Articles | Volume 21, issue 12
Research article
07 Dec 2017
Research article |  | 07 Dec 2017

Conserving the Ogallala Aquifer in southwestern Kansas: from the wells to people, a holistic coupled natural–human model

Joseph A. Aistrup, Tom Bulatewicz, Laszlo J. Kulcsar, Jeffrey M. Peterson, Stephen M. Welch, and David R. Steward

Abstract. The impact of water policy on conserving the Ogallala Aquifer in Groundwater Management District 3 (GMD3) in southwestern Kansas is analyzed using a system-level theoretical approach integrating agricultural water and land use patterns, changing climate, economic trends, and population dynamics. In so doing, we (1) model the current hyper-extractive coupled natural–human (CNH) system, (2) forecast outcomes of policy scenarios transitioning the current groundwater-based economic system toward more sustainable paths for the social, economic, and natural components of the integrated system, and (3) develop public policy options for enhanced conservation while minimizing the economic costs for the region's communities. The findings corroborate previous studies showing that conservation often leads initially to an expansion of irrigation activities. However, we also find that the expanded presence of irrigated acreage reduces the impact of an increasingly drier climate on the region's economy and creates greater long-term stability in the farming sector along with increased employment and population in the region. On the negative side, conservation lowers the net present value of farmers' current investments and there is not a policy scenario that achieves a truly sustainable solution as defined by Peter H. Gleick. This study reinforces the salience of interdisciplinary linked CNH models to provide policy prescriptions to untangle and address significant environmental policy issues.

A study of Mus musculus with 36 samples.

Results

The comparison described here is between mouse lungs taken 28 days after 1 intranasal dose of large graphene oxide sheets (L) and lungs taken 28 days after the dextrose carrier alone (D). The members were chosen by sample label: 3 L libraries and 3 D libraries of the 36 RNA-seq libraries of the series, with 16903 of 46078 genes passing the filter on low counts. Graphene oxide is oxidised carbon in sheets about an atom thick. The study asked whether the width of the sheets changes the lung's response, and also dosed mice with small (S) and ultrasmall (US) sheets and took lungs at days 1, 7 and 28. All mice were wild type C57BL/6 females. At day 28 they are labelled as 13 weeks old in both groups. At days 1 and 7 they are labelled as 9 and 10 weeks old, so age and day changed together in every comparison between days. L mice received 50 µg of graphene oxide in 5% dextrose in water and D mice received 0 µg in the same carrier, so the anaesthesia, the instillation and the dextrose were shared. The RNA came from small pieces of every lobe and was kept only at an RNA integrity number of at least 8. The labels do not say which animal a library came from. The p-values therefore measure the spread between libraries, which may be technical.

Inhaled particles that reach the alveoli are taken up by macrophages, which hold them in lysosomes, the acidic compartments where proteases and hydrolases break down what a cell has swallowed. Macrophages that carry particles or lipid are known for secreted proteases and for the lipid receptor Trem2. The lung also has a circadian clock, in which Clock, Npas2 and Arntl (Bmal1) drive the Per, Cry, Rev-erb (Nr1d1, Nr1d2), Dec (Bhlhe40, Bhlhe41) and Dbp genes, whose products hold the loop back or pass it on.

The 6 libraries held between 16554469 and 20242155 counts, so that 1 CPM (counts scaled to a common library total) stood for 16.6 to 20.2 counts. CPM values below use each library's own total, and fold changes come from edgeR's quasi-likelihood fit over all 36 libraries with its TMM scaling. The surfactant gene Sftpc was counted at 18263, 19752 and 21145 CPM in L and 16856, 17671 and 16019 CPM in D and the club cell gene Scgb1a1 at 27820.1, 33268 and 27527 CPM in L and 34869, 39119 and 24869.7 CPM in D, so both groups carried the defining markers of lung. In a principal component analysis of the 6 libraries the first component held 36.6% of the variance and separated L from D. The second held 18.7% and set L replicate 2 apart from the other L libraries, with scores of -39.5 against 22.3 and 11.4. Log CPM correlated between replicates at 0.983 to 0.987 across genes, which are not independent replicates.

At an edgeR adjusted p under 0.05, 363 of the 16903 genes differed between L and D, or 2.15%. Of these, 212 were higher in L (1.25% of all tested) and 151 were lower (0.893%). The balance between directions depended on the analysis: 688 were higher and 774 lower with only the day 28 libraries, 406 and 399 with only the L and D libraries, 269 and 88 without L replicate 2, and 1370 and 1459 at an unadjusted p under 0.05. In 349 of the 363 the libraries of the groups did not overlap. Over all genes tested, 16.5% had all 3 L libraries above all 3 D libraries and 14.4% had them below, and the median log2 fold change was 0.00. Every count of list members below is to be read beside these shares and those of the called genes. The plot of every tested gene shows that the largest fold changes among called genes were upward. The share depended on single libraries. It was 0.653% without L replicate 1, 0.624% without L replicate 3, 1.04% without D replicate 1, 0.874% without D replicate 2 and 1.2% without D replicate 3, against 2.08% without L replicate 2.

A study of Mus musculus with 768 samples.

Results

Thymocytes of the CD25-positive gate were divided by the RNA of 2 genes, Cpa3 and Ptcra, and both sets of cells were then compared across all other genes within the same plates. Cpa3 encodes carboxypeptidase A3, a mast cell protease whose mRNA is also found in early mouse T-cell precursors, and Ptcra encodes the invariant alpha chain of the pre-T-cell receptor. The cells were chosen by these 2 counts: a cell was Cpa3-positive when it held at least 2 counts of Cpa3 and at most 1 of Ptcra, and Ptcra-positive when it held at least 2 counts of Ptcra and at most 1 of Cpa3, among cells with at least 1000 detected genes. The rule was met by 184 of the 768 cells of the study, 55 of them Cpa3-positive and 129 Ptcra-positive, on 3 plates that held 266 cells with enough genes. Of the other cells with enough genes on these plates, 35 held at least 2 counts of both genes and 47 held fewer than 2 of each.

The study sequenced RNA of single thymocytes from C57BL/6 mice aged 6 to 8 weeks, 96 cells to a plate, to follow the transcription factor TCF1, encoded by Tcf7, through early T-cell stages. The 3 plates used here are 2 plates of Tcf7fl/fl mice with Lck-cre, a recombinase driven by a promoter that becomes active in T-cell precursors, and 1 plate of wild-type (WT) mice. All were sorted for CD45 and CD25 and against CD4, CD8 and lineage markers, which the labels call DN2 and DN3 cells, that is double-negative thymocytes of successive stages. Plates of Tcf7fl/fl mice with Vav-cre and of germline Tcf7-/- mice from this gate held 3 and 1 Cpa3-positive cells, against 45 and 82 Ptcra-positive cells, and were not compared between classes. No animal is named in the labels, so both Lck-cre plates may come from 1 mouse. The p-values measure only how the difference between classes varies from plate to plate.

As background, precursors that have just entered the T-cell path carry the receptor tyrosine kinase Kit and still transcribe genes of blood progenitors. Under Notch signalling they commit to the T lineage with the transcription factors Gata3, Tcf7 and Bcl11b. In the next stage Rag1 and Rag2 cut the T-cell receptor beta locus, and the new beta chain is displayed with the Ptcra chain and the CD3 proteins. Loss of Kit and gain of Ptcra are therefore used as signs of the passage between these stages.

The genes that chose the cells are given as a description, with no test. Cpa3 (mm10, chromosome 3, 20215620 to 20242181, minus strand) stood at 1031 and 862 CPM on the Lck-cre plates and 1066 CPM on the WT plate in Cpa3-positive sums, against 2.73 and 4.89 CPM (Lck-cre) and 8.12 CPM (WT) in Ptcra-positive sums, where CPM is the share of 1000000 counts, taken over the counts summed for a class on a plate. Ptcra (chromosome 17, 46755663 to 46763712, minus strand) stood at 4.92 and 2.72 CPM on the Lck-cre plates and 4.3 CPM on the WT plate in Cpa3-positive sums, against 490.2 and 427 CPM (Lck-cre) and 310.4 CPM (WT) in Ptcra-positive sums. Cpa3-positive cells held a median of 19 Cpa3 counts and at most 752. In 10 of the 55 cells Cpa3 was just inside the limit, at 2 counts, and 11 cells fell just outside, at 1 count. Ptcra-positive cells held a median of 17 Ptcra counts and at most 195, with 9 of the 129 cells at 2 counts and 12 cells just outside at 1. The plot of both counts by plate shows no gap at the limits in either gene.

Short summary
A system-level theoretical approach is developed which utilizes OpenMI methods to study the collective impacts of groundwater depletion in one of the world's most important regions for agricultural production (the congressional district with the highest historical cash value in the USA). Water policy is analyzed to forecast groundwater depletion across changes in human activity and climate, and the economic and societal impacts are provided to inform public policy and management.